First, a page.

Now, my parent's and my own history of pan-cooking bacon produced none of these qualities. Differential rates of shrinking end up with bacon that never cooks evenly and turns wrinkly (whereas many strips of 'Buffet Bacon' end up flat as a board), and always with significant texture differences between fat and lean streaks, something that was difficult to discern in this dish. I've finally managed to create a bacon product I enjoy more than my parent's iteration, with thick center-cut bacon cooked on low heat for half an hour, only half a dozen strips at a time... but I still wonder at the crispy deliciousness I enjoyed as a kid, produced in such quantities as I can barely imagine. The few attempts I've made at oven-cooking bacon either resulted in the strips sticking together or a series of small greasefires.

How would I replicate 'buffet bacon'?


up vote 6 down vote accepted

Restaurants--especially large scale catering and buffets--almost always bake bacon.

It is extremely effective, and very easy.

Lay the bacon out on rimmed sheet pans, in a single layer. For extra crispiness, use a rack, but cleaning the racks is not fun.

Bake at 350-400 F (I give a temperature range since you may be using the oven for other items) for approximately 20-30 minutes (depending on temperature, thickness of bacon, and desired level of crispiness).

If you didn't use a rack, remove the bacon to paper towels to soak up the excess grease.

The bacon will be very flat and very uniform, and can get very crispy.


Instructions How to make perfect oven bacon or How should I cook bacon in an oven

  1. Put your oven rack in the middle position, preheat the oven to 375° and line a baking sheet with parchment paper.

  2. Lay the bacon strips out flat on the baking sheet, leaving space so they don't overlap.

  3. Pop the bacon in the oven for 15 to 20 minutes. If it's thick bacon that produces a lot of grease you'll want to drain the grease halfway through.

  4. When the larger grease bubbles subside and smaller bubbles appear on the bacon, you know it's done. If the bacon is already firm in the oven then it's cooked too long. Bacon firms up as it cools, generally.

Important to note parchment works better than foil, and you'll have to adjust the cooking time based on the thickness of the cut of the bacon and cooking preference.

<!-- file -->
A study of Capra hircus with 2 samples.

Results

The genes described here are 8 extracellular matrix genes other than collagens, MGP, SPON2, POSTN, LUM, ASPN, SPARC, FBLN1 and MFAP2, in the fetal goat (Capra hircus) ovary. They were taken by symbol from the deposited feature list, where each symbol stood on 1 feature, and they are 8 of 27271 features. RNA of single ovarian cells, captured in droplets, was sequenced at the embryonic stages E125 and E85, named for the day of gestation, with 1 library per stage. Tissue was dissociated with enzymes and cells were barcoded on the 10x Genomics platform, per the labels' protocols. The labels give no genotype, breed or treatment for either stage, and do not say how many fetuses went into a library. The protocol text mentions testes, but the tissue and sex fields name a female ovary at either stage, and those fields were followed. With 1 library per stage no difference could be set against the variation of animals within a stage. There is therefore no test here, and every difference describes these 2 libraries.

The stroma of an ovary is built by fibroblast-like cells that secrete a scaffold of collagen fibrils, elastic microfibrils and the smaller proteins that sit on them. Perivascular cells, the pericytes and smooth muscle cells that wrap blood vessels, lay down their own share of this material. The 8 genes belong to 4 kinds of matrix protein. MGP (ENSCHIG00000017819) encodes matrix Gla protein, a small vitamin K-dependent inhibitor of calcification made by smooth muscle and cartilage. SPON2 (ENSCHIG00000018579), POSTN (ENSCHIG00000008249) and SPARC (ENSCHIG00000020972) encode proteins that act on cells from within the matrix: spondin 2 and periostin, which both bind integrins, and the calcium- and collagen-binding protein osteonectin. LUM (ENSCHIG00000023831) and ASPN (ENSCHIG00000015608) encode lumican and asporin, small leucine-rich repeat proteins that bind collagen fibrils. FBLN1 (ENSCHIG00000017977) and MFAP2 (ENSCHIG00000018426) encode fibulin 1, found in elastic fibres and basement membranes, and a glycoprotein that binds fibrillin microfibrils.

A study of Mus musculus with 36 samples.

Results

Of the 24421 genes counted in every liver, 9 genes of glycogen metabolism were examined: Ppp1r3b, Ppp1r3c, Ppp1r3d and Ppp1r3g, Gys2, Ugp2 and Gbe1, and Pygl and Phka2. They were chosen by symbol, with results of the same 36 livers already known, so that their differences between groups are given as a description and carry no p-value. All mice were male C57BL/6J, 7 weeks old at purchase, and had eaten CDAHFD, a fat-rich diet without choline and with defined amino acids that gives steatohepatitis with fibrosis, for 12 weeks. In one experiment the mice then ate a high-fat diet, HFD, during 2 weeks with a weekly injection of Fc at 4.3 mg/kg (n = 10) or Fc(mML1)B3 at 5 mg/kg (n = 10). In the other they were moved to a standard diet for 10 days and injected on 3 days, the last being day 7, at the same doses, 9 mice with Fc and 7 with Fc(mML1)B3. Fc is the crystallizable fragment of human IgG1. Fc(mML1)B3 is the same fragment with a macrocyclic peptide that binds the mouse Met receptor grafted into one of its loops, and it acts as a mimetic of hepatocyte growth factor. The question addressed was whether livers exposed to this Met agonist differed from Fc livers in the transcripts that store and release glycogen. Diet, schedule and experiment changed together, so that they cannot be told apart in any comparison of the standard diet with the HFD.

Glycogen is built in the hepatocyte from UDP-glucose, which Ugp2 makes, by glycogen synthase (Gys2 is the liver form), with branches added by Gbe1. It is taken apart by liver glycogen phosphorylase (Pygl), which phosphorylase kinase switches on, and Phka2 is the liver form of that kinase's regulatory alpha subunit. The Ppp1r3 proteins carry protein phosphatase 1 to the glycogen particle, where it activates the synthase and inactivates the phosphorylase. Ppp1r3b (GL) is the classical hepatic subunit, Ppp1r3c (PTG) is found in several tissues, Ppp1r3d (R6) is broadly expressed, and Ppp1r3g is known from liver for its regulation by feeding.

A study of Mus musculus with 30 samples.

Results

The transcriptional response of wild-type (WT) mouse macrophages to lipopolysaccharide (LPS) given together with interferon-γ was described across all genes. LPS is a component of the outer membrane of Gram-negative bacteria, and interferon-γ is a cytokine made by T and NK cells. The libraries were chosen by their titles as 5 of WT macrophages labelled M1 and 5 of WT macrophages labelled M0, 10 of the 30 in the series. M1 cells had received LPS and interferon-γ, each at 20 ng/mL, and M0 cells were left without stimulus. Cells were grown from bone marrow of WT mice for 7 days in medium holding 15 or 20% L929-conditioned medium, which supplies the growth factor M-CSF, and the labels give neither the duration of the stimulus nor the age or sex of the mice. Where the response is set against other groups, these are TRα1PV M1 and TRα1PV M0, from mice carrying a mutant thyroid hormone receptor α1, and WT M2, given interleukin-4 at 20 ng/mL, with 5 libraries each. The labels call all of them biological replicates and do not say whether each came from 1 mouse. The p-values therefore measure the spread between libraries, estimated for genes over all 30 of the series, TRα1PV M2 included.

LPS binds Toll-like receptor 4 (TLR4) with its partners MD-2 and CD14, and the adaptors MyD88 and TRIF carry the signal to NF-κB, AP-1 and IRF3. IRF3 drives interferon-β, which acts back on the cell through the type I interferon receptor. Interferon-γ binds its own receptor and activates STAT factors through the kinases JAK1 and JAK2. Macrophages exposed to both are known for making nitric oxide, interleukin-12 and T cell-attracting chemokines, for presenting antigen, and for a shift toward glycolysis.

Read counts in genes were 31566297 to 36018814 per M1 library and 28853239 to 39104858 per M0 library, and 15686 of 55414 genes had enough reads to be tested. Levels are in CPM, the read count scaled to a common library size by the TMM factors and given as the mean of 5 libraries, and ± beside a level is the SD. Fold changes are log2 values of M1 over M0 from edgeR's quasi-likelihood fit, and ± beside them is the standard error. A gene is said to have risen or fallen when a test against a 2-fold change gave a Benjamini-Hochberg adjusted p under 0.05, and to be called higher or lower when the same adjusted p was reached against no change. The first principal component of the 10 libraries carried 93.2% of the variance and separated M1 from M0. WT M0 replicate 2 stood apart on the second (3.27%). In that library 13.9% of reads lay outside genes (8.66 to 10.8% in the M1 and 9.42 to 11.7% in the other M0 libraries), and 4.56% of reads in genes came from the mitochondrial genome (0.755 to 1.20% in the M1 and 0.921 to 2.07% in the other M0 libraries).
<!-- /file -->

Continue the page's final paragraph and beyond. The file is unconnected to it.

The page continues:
Then bake at 250F or at any temperature above, until the desired texture. Depending on the thickness of the bacon, at 250F this could take 1-2 hours. If needed, you can always speed it up near the end by turning the oven up, but watch carefully if you go too high, since slow-cooked bacon can transition to crispy rather abruptly at high temperatures.

What does this get you that higher temperatures don't? At lower temperatures, the fat will have time to render more completely. Instead of going from chewy to crispy, the bacon will gradually go from chewy to soft and "melt-in-your-mouth" to crispy.

Also, at lower temperatures, you have better control. It's less likely you'll end up with a few overdone pieces somewhere on the baking sheet. The bacon will shrink slowly but won't curl very much at all, so you can very flat pieces of bacon (some people seem to like that for sandwiches and such). And you can target exactly the texture you want -- personally, I've come to like my bacon slightly crispy with a few running bits of "melt-in-your-mouth" fat.

Just don't do this if you want chewy bacon, which you won't get. To get the style you described, I'd bake at 250F until the bacon just starts to brown, and then turn up to 300F or so for a few minutes to crisp and get rid of the extra fat.

A final benefit is the rendered fat. If you like reusing bacon fat, the fat produced by low temperature won't have burned bits or be discolored or have off tastes -- it will cool into a perfect white mass.

I've sometimes seen this style of bacon at buffets. The way you can generally tell at restaurants is by whether the bacon has curled up around edges. If it has, it was roasted at higher heat. If it's relatively flat and easier to break/pull apart, it probably was roasted at lower temperatures for a longer time.